How a Person’s Age and Personal Risk Feelings Might Affect the Decisions of Investments and Planning
The interest paid to you as a percent of your deposits is the interest rate. Similarly, if you demand a loan to buy a car or a computer, you will need to pay interest on the money you borrow. Let’s consider the market for borrowing money with credit cards. In 2014, almost 200 million Americans were cardholders. Credit cards allow you to borrow money from the card’s issuer, and pay back the borrowed amount plus interest, though most allow you a period of time in which you can repay the loan without paying interest. A typical credit card interest rate ranges from 12% to 18% per year. In 2014, Americans had about $793 billion outstanding in credit card debts. About half of U.S. families with credit cards report that they almost always pay the full balance on time, but one-quarter of U.S. families with credit cards say that they “hardly ever” pay off the card in full. In fact, in 2014, 56% of consumers carried an unpaid balance in the last 12 months. Let’s say that, on average, the annual interest rate for credit card borrowing is 15% per year. So, Americans pay tens of billions of dollars every year in interest on their credit cards—plus basic fees for the credit card or fees for late payments.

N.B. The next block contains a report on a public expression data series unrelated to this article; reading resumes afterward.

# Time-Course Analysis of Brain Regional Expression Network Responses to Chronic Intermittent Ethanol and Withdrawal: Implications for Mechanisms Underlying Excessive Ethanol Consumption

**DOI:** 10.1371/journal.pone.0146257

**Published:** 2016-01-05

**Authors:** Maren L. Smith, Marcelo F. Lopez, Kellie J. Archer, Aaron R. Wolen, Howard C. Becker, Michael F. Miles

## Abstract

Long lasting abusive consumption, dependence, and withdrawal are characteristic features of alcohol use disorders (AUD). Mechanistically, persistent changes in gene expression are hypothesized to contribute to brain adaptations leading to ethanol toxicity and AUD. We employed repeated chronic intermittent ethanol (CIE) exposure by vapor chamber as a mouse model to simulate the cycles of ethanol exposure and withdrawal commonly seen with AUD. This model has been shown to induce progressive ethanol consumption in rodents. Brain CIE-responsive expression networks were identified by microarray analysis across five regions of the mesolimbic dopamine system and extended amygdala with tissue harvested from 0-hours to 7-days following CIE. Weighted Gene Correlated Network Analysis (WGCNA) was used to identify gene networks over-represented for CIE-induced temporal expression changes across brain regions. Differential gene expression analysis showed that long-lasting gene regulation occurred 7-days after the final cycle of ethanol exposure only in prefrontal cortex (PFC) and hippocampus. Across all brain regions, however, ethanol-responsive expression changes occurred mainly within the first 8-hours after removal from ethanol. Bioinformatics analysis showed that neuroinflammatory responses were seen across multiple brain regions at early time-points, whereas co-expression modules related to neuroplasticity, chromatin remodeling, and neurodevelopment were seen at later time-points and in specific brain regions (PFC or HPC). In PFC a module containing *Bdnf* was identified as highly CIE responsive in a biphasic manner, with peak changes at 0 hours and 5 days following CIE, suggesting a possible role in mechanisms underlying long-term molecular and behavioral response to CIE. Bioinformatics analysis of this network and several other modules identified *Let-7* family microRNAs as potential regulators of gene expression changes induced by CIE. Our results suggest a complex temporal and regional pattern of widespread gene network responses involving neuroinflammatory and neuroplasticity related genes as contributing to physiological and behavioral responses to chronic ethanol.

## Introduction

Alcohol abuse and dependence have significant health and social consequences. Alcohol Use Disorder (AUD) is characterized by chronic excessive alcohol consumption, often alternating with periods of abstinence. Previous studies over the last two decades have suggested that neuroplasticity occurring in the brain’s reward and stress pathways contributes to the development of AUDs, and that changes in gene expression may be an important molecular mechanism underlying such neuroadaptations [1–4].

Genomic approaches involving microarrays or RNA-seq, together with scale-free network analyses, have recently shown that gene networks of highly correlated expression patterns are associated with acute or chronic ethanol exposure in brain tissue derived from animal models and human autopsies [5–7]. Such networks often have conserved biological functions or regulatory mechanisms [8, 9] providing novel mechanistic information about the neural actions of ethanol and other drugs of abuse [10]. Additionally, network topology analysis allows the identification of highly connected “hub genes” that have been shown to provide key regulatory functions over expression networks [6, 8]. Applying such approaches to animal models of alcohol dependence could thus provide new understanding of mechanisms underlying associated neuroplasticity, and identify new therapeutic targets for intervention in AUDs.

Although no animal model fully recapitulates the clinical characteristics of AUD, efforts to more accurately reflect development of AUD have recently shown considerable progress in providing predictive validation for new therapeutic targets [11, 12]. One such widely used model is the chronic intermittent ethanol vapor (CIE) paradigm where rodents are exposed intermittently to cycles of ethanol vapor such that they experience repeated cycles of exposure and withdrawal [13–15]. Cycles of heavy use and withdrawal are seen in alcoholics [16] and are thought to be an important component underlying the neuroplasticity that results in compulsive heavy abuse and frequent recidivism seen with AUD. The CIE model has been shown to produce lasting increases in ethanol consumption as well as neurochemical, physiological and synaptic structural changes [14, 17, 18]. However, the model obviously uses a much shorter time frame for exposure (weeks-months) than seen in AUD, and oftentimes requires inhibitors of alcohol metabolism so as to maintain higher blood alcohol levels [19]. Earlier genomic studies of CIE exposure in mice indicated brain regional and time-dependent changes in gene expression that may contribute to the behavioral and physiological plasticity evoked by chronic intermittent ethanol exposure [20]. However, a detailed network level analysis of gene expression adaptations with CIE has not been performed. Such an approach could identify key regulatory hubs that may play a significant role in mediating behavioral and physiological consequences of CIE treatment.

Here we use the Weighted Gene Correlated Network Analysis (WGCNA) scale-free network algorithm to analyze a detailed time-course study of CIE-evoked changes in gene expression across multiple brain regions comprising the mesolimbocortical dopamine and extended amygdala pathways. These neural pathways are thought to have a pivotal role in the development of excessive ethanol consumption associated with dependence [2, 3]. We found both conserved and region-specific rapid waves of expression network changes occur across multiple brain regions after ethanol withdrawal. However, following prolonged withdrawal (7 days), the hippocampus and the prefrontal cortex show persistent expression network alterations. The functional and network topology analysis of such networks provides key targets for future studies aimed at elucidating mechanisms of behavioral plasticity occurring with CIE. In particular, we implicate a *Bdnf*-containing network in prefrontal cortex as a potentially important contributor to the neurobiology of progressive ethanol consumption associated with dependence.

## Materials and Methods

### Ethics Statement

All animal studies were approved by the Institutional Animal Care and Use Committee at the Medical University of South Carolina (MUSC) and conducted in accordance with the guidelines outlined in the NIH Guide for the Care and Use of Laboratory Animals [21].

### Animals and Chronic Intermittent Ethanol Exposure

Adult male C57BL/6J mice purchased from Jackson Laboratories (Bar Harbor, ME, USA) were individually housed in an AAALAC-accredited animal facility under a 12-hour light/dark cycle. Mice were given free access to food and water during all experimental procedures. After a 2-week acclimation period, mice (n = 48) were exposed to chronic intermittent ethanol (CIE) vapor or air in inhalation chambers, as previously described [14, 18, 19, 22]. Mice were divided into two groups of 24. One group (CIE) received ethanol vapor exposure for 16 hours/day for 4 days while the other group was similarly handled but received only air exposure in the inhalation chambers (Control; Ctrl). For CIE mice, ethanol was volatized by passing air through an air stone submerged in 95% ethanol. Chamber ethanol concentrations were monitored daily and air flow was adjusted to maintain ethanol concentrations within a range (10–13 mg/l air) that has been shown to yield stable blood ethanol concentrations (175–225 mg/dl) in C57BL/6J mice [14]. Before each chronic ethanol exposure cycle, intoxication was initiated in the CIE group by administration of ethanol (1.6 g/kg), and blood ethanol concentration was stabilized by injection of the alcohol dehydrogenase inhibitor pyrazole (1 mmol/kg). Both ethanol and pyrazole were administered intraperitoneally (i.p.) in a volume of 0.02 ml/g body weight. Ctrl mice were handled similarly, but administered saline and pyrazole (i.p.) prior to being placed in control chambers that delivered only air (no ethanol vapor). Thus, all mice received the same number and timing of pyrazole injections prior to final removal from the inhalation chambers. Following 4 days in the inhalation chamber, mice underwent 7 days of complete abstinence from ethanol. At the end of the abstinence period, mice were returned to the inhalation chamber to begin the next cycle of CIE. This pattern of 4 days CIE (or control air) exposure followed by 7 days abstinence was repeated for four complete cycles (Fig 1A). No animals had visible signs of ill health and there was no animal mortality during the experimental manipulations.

Firstly, most people do not possess the necessary knowledge to make optimal savings and investment decisions. Secondly, individual planning is subject to many factors, such as income, professional career, or health, which, moreover, interact with each other.
If you have dependents and/or debt, it’s a good idea to get term life insurance to protect your loved ones.